EVO Group, which consists of EVO Jet Services and EVO Fuels, has experienced noteworthy growth since it entered the U.S. domestic contract fuel market in 2014. This year, the company expects to reach a milestone of 20 million gallons of fuel sold, with a growth of 80 percent in 2017. “We are proud of this because it’s a tough market, and we have gotten on most people’s radar,” said company managing director and strategy lead Chris Cartwright. “We were better known for 20 years as international ground handlers that pioneered Eastern Europe. Now we are focused on fuel, trip support, and innovative apps.”
Cartwright credits the company’s growth to bringing more trip support customers on board, while also achieving a “critical mass” of fuel customers, who tend to turn exclusively to EVO. “They sole-source from us because of dispatch speed, reliability, man-hour savings, transparency, and billing accuracy,” he said.
The company has embraced IT and app technology, and it was an early adopter of fuel price automation through platforms such as Fuelerlinx, PFM, and Airplane Manager. The system integrates easily with any platform, a feature the company attributes to its investment in automation, yet it is fully backed up by staff for customer service. “We ensure that our operations teams are not just reading from screens,” Cartwright noted. “They keep the human touch and familiarity with specific customer preferences and requirements.”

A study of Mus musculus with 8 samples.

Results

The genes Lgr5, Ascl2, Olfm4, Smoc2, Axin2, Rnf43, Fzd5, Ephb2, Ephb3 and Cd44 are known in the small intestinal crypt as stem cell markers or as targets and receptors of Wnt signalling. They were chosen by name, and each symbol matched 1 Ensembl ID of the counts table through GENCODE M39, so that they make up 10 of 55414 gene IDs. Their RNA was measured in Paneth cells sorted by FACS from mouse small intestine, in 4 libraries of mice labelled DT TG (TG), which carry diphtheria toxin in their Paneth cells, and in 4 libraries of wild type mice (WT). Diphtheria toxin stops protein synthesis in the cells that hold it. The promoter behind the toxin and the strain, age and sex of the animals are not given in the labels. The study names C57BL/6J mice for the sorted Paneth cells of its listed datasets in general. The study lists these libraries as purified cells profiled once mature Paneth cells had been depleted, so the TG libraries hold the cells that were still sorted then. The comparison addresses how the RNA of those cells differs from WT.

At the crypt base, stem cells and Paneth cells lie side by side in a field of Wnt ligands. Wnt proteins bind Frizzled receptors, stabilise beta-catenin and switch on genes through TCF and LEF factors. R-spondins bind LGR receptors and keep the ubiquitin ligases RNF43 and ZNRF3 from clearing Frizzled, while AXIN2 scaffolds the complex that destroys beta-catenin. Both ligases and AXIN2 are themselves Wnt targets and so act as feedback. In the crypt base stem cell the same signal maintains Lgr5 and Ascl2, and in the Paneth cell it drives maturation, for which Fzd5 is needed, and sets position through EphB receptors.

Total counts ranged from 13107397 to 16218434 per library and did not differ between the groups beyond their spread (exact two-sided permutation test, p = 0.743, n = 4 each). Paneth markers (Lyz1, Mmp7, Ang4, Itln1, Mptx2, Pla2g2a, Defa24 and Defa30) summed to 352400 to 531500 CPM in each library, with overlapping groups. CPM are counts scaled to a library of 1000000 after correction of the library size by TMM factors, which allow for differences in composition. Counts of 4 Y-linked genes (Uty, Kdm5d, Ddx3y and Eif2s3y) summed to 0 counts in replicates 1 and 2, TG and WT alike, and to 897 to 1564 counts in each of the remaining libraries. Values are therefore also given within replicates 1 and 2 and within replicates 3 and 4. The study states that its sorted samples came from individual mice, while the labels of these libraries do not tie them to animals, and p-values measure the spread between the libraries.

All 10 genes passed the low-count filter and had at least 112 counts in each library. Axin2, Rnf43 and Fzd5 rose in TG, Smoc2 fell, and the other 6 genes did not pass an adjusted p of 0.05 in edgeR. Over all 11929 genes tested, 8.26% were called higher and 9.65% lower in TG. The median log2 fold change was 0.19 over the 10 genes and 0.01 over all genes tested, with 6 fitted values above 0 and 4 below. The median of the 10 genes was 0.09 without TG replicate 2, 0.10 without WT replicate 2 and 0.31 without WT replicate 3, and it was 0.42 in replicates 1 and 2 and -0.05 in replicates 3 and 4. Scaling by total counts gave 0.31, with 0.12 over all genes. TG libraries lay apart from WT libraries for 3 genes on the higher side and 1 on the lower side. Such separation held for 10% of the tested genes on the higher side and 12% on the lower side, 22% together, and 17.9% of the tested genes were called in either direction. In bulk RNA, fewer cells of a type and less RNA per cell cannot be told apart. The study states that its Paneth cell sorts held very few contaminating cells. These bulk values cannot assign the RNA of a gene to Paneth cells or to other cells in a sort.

Analytics and Awareness
The company expects to continue its growth by providing additional value-added services, two of which it is unveiling in Orlando at NBAA's annual convention (Booth 830).
EVO Jet Analytics allows aircraft management providers to easily generate owner reports, which it promises will increase efficiencies in data collection and processing by establishing a digital flight log with detailed records and analytics. Available now for a per-tail subscription fee, the program collects operational, financial, and tax data and makes it easily navigable through user-friendly dashboards on tablets or smartphones.
At the show, the company is also demonstrating its new 3D Airport Situational Awareness app and plug-in. It provides pilots with a three-dimensional rotatable view of an airport with briefing features such as taxiway views. It also provides a graphic representation of prevailing wind patterns, full-track approach paths, and missed approach and departure climb visuals. Terrain is near photo quality and there are call-outs for peak altitudes for terrain or obstacles. The plug-in is best viewed on a tablet or larger screen, and users can select for night, fog, or even foggy night to reduce visibility and offer a realistic view of the approach from the cockpit.
“We feel that there is no other visual aid that provides pilots with all the preflight airport situational data that they need,” said EVO director Paul Wilkinson, adding there are already more than 500 airports in the database with more added each week. “We are focusing on loading as many airports with terrain [information] as fast as we can.”
Cartwright believes the 3D briefing feature, which is also available on a per-tail subscription basis, will be offered to larger platforms as a bolt-on module in the future. “We are already speaking with all the majors about integrations,” he said.